When I was called into ministry in 1995, my audience primarily consisted of Baby Boomers, my parents generation. I had to learn to preach God’s Word in a way that they could understand. As I grew older, I found that I was preaching to more and more of my peers – the Busters. Today, I’m seeing that an ever growing aspect of my congregation are the Millennials, my children’s generation.
There are a variety of nuances to how each of these generations receive the preaching of God’s Word. But essentially they are all sinners in need of a Savior and the rules of logic work the same for each. Presuppositions change. I’ve noticed a need to do more “pre-evangelism” with Millennials that wasn’t required with Boomers. When I said “God” to a Boomer congregation, it was assumed I was referring to the Triune God of scripture. When I say “God” to a group of Millennials this isn’t always the case. I have to back up a few steps and start the conversation at a different point.
However, it is important as we consider preaching to various generations that we remember there are a dozen more generations ahead of us if Christ doesn’t return before they are born. So our approach must be two dimensional. We must reach out geographically AND generationally.
Thus we must preach in such a way that our messages are “evergreen”. I borrow this term not only from the forestry world, but the world of blogging. A good blog post is considered “evergreen” meaning it will be just as valuable in six months as it is today.
An evergreen sermon is one that was just as true in the first century as it will be in the 31st century. Preaching evergreen sermons requires us to peel off some the cultural influences, references, and illustrations that we are accustomed to employing. Evergreen sermons will also be more effective at crossing ethnic and cultural barriers.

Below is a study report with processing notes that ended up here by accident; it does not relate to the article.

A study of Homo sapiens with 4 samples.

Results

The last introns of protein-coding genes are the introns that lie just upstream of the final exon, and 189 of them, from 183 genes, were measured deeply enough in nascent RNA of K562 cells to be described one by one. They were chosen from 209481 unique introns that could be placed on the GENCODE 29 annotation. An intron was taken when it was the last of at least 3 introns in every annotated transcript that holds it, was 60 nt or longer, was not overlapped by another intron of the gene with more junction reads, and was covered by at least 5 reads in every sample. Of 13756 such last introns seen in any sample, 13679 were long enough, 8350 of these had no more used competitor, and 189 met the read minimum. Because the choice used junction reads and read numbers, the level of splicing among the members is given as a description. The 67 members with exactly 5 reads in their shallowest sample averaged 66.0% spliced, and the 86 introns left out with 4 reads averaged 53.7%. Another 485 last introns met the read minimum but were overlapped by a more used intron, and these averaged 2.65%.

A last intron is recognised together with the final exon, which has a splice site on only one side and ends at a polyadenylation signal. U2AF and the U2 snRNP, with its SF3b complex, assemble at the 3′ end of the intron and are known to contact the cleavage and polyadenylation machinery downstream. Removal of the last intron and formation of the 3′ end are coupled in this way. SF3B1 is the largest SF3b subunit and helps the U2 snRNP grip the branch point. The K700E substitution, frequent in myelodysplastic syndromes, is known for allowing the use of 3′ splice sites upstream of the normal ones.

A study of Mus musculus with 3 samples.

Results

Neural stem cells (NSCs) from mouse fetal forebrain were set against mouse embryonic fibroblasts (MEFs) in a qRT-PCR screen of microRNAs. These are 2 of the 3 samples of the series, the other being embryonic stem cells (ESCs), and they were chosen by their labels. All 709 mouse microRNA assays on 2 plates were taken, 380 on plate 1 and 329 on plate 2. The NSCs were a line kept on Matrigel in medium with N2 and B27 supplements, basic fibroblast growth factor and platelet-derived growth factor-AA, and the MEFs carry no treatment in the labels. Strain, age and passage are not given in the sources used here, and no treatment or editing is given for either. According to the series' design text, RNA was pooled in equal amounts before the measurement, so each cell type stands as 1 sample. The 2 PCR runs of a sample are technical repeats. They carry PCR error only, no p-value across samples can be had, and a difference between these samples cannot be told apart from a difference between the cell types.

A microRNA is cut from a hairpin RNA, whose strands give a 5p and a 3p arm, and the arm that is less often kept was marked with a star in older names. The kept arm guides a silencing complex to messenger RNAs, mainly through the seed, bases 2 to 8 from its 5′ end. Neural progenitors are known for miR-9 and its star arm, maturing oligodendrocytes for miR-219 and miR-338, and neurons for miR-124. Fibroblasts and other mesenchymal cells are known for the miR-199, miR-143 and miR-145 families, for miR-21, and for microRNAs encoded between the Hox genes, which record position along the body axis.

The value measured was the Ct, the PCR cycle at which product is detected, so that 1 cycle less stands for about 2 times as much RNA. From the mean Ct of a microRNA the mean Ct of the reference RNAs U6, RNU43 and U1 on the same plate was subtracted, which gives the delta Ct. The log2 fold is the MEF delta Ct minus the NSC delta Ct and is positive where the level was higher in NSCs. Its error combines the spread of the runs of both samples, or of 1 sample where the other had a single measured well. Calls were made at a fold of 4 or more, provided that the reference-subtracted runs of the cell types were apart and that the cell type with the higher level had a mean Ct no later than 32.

Think about the most popular podcast preachers or radio ministries. Typically, communicators will be very careful to avoid references to recent events, cultural colloquialisms, and anything that could date the sermon or cause a barrier to comprehension.
2. The Sermon must be Deep –
Evergreen sermons are also as deep as they are broad because the goal is to so develop the hearer into a true disciple that he or she will replicate themselves in others. This is the only way we can assume that the truths we proclaim will progress to a generation beyond us.
By deep I don’t at all mean beyond comprehension, but I do mean they must go beyond a surface understanding. When developing a thought from the text, take the time to mine out the theological concepts that are behind it.
3. The Sermon must be Available –
If your sermon is going to impact many generations, it must be available to them. It is believed that Apollos was a far greater preacher than Paul, but you can’t confidently quote a single sermon from Apollos. Why? We have no record of his sermons (unless he wrote Hebrews). The lesson is – write things down! Make sure you capture your thoughts in a way that will outlive you.
I see the ministry of the Word as fivefold:
- Discover – that is study the Word in a spirit of prayer.
- Develop – that is write sermons in a way that convey the truth of the text to your people.
- Deliver – that is preach the sermon in a way that taps into their mind, will and emotions.
- Disseminate – that is ensure your sermon is captured in print, audio, video and delivered on as many platforms as possible. If possible convert your sermons into book form.
- Devote – this is, “rinse and repeat”. This process should be done with great patience – trusting God to give the increase.